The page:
Sophie Grawbarger builds on Jana Headrick’s legacy with Varsity Blues hockey


As one university hockey player from Garden River First Nation graduates, another from the community will join the same team, continuing the legacy. 

Jana Headrick is halfway through her fourth and final year of her undergraduate studies and plays on the University of Toronto’s Varsity Blues women’s hockey team. She is hoping to pursue graduate studies in public health.

She’s been playing hockey since she was three years old. Her father, a hockey player himself, signed her up. 

Headrick said she didn’t enjoy the sport at first.

“I think I just wanted to be in dance or figure skating or something more girly,” she said.

But her father pushed her to stay committed until she was 10 before making a decision to stay or leave. By the time she was 10, she was in love with the sport and the team she was on.

“I was playing on an all-girls team so I had a whole lot of friends and I liked that better than when I was playing when I was younger.”

Jana Headrick has been playing hockey since she was three. (Submitted by Jana Headrick)

Years later she was offered an athletic scholarship with the University of Toronto to play on the Varsity Blues women’s hockey team. That has provided her with the opportunity to travel and compete. 

“The challenge at the level that I’m playing at now, it’s definitely one of the reasons why I do it,” she said. 

But her commitment to the team and university wasn’t without its challenges. 

Between adjusting to university life and being away from home, to balancing classes and trying to figure out her role on the team, the first year was a difficult one for Headrick. 

She persevered, and is now in her final year on the team. During her four years she has been the only First Nations girl on the team.

Headrick said Garden River First Nation near Sault Ste. Marie, Ont., is “definitely a hockey community,” and has produced players like former NHL player Ted Nolan and his sons Brandon and Jordan. 

“There’s always words of encouragement from everyone back home and they’re really happy that we’re being successful,” she said.

So it’s not surprising that as Headrick is ready to move on from the U of T team, another girl from her community will be playing on the team next year.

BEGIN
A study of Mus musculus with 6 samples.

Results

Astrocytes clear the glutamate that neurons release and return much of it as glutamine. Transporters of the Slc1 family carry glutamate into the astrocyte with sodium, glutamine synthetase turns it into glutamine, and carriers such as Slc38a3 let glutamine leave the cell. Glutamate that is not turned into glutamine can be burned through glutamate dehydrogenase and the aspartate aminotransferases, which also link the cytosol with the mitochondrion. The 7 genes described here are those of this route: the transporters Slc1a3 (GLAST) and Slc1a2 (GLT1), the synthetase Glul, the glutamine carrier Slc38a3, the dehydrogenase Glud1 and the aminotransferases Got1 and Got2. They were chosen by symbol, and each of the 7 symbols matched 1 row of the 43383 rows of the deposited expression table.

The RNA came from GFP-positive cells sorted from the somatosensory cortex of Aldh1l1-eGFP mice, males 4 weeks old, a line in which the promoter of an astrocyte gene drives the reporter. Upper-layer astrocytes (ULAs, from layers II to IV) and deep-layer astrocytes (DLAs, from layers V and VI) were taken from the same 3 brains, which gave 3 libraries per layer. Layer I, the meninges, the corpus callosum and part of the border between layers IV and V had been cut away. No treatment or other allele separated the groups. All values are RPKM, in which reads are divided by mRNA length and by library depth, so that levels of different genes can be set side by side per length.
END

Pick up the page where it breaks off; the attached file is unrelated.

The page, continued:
Excited for university

Sophie Grawbarger was five when her father signed her up to play hockey and she wasn’t sure if she would like it. 

“I stuck with it and just kept playing over the years and fell in love with the game,” said Grawbarger. 

“It came easy, it’s so fun and it brings me a lot of good experiences like travelling.”

Sophie Grawbarger of Garden River says she is looking forward to playing hockey at the University of Toronto. (Submitted by Jessica Grawbarger)

She was offered an athletic scholarship to U of T and immediately said yes. 

“It was amazing because it showed that all my hard work and dedication paid off and I’m able to continue my hockey career,” said Grawbarger. 

She plans on studying history and Indigenous studies. She said she’s excited to see what it’s like to live alone in a big city. 

Since sharing her plans to move to Toronto and play with the Varsity Blues, Grawbarger says she’s been receiving lots of support from Garden River.

“Everyone is proud of me and they’re looking forward to what I do in Toronto,” she said. 

“I’m looking forward to starting a new chapter in my life and being able to play on a really competitive team at a high level.”

Sophie Grawbarger has been playing hockey since she was five. (Submitted by Jessica Grawbarger)

As Grawbarger gets ready to leave Garden River for school, Headrick had a few words of advice for her.

“Be patient with everything that goes on in hockey, and it’ll take a while to find your role, but once you have it, stick with it .And create little support systems in Toronto,” she said. 

“Enjoy your time while you’re here because it’s definitely something really exciting and really amazing to be able to experience.”